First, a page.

Take Steps to Minimize Your Fear of Working With an Outside Firm to Make a Deal

STORY BY Mark Scott for Smart Business Dealmakers

Beth Haas

BETH HAAS, PARTNER

Business owners often find it very difficult to accept external advice, even when it’s for something as significant as the sale of their company.

“A lot of companies will be owned by families or by entrepreneurs and they’ll have a banking relationship, but that’s probably it,” says Beth Haas, a partner at Cyprium Partners. “Inviting some outside institution into their company or on to their board is something that can be challenging.”

Haas and her team manage a fund on behalf of multiple investors and deploy capital into middle-market companies that have a range of needs from funding a new facility to acquiring a competitor or buying out a shareholder. They could also be thinking about estate planning, wealth diversification or some other need that requires additional capital. What they don’t want to do is sell their business.

“They want to continue to own it in some capacity and continue to run it,” Haas says. “That’s where we come in to help figure out what the investment should be. Part of what we try to do is help understand what their objectives are and really try to structure a transaction that is going to be suited to the particular needs of the business. Every deal looks a little bit different.”

In this Dealmaker Q&A, Haas shares her thoughts on how to find the right vehicle to obtain the necessary capital for your business and how to work through any anxiety you may have over working with an outside firm.

Where is a good place to start when your company needs capital?

You may be doing this for the first time and you don’t even know what choices are available to you. It can be something that takes some time to get your arms around. This is why it’s important to talk to a number of different people to try to find an investor or partner that can be a good fit. It’s not a one size fits all. It’s about finding a firm that can become a trusted partner.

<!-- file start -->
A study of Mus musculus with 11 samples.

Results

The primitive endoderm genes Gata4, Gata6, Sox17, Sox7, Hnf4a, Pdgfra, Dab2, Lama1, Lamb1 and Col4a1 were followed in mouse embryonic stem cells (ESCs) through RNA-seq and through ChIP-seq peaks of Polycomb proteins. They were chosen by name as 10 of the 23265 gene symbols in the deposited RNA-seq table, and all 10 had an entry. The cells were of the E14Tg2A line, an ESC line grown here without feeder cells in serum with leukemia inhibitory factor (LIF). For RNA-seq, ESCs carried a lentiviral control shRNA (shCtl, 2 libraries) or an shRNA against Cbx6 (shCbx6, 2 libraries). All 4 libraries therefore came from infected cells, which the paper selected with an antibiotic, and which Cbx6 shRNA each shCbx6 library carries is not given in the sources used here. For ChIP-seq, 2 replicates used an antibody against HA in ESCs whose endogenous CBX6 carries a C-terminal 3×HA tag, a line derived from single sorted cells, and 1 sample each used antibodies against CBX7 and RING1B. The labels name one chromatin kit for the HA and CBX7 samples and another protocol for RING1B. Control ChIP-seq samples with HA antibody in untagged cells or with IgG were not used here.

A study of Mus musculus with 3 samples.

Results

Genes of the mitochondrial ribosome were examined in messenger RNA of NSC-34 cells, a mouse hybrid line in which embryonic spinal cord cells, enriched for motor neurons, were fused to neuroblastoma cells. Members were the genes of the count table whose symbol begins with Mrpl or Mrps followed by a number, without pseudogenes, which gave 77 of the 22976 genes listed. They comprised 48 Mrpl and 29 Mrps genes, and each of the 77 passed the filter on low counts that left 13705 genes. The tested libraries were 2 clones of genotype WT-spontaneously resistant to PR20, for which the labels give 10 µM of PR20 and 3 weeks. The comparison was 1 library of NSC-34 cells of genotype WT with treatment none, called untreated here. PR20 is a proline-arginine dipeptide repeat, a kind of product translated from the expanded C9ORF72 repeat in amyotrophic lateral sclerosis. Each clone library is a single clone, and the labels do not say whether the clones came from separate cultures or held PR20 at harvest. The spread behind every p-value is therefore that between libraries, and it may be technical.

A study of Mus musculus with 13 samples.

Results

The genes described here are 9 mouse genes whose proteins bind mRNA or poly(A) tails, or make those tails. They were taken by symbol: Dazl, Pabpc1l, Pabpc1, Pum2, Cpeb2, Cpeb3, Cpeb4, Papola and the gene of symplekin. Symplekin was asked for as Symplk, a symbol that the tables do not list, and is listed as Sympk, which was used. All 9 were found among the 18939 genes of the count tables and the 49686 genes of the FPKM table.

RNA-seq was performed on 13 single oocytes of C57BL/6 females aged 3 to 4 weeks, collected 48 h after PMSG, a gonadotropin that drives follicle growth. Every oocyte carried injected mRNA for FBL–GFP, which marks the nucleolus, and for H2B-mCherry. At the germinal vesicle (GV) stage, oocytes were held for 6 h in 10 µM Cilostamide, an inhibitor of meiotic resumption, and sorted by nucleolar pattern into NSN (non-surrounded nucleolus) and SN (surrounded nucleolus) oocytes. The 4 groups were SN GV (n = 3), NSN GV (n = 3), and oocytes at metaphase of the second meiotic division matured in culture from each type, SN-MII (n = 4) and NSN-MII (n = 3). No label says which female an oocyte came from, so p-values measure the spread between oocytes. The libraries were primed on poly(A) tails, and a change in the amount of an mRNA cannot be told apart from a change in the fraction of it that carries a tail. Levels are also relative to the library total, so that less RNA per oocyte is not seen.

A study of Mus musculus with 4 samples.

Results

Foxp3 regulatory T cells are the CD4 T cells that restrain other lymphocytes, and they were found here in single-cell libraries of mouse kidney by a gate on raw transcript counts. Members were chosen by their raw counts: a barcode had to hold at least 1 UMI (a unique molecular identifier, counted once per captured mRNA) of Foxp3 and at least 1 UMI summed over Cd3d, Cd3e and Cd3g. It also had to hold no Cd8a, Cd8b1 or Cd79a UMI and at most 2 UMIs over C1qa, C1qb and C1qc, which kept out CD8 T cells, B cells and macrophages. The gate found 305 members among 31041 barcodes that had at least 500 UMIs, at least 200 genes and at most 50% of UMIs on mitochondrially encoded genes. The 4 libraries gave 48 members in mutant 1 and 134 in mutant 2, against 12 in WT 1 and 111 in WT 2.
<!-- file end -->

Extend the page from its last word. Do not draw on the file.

At that point, the key for an adviser is to get in a room with the decision-makers and ask the right questions and really listen to their answers and try to figure out what’s important for your particular team or situation.

If you are worried about the cost of capital, it may make sense to structure the investment as debt where you’ll have more security. There are more restrictions around what a company can do, but the interest rate is going to be somewhat lower because it’s safer capital. If you want a lot of flexibility and you’re expecting a lot of growth and you want a partner who is going to be aligned with that and help you invest for the future, it may make more sense to get some equity capital, which is going to be more flexible and maybe have a longer term view in terms of the investment horizon.

Can you share an example of how you’ve worked through this process with a client?

There was an investment we looked at a number of years ago with a company owned by a husband and wife. The company had undergone a period of very significant growth that outpaced the systems and infrastructure in the company. They needed some capital to support that growth and they were being advised to bring someone in to help them grow up as a company. We spent a lot of time talking to them and it was presented to us as an equity investment. We walked them through that and got to know the business and helped them make a plan for the things that needed to happen to help the company’s systems and personnel grow to support the tremendous growth they were experiencing. At the end of the day, they got cold feet about the notion that someone else was going to be a shareholder in their company.

How did you respond to this setback?

The husband and wife had always owned the business. They really liked us and they liked the plan, but they got nervous about bringing in a shareholder. So we took a step back and came up with a debt structure that still met their needs, still satisfied our return parameters and was a lot more flexible and responsive to that concern they had about the shareholder base. We took that back to them and it was the first of two different deals that we did with them. The company opened a bunch of new facilities, they did an IT implementation, they completed a couple acquisitions and it turned out to be one of the best relationships we’ve had at the firm. That’s a deal that could have fallen apart had we not been able to pivot a little bit and really understand the concerns of the owners. I always like to point to that as to why as advisers, we need to be a little bit flexible and agile and make sure we’re really listening to the people on the other side of the table.